Leading blockchain security and analytics company Chainalysis recently revealed that it tracked $2.8 billion in Bitcoin (BTC) that was allegedly transferred by criminal elements to major digital currency exchanges last year. The majority of these transactions reportedly went through Binance and Huobi , two of the world’s largest crypto exchanges.
The Chainalysis team wrote in its report: “While exchanges have always been a popular off-ramp for illicit cryptocurrency, they’ve taken in a steadily growing share since the beginning of 2019. Over the course of the entire year, we traced $2.8 billion in Bitcoin that moved from criminal entities to exchanges.”
About 27.5% of this amount went to Binance while another 24.7% went to Huobi, Chainalysis’ report noted.
300,000 individual Binance and Huobi accounts received Bitcoin from criminals in 2019
On the two leading crypto-asset exchanges, a relatively small group of trading accounts that received over $100 billion in BTC in 2019 took in the vast majority of the illicit funds, Chainalysis revealed. Around 75% of the total funds received on Huobi and Binance went to 810 of the highest-receiving user accounts, the report claimed.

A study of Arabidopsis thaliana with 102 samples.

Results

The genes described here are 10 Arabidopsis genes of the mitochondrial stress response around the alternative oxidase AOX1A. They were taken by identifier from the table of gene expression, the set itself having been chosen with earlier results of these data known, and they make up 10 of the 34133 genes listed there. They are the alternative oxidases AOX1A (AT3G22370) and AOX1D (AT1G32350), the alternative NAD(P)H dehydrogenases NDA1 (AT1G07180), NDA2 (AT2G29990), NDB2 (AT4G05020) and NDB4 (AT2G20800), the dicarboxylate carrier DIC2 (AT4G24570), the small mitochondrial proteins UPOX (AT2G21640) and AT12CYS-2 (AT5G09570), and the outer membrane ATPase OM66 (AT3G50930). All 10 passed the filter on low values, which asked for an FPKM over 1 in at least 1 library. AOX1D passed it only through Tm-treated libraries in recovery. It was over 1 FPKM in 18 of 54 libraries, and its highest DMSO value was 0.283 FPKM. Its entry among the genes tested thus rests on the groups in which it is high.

“Overall, just over 300,000 individual accounts at Binance and Huobi received Bitcoin from criminal sources in 2019.”
Chainalysis’ researchers said that these large accounts are most likely managed by over-the-counter (OTC) brokers that “are typically associated with an exchange but operate independently.”
While Binance and Huobi have implemented fairly strict know-your-customer and anti-money laundering checks, these requirements are quite lenient for OTC desks. This has allowed some OTC desks to provide money-laundering services to criminal organizations, Chainalysis alleges.
100 large OTC dealers found providing money-laundering services
Out of 100 large 100 OTC dealers that Chainalysis found offering money laundering services, 70 are operating via Huobi’s platforms. These 100 brokers may collectively account for nearly 1% of all monthly Bitcoin (BTC)-related transactions, the report estimated.
Samuel Lim, chief compliance officer at Binance, says that the Malta-based exchange “is committed to cleaning up financial crime in crypto and improving the health of our industry.”
“We will continue to improve on our proprietary KYC and AML technology, as well as the third-party tools and partners we work with, to further strengthen our compliance standards.”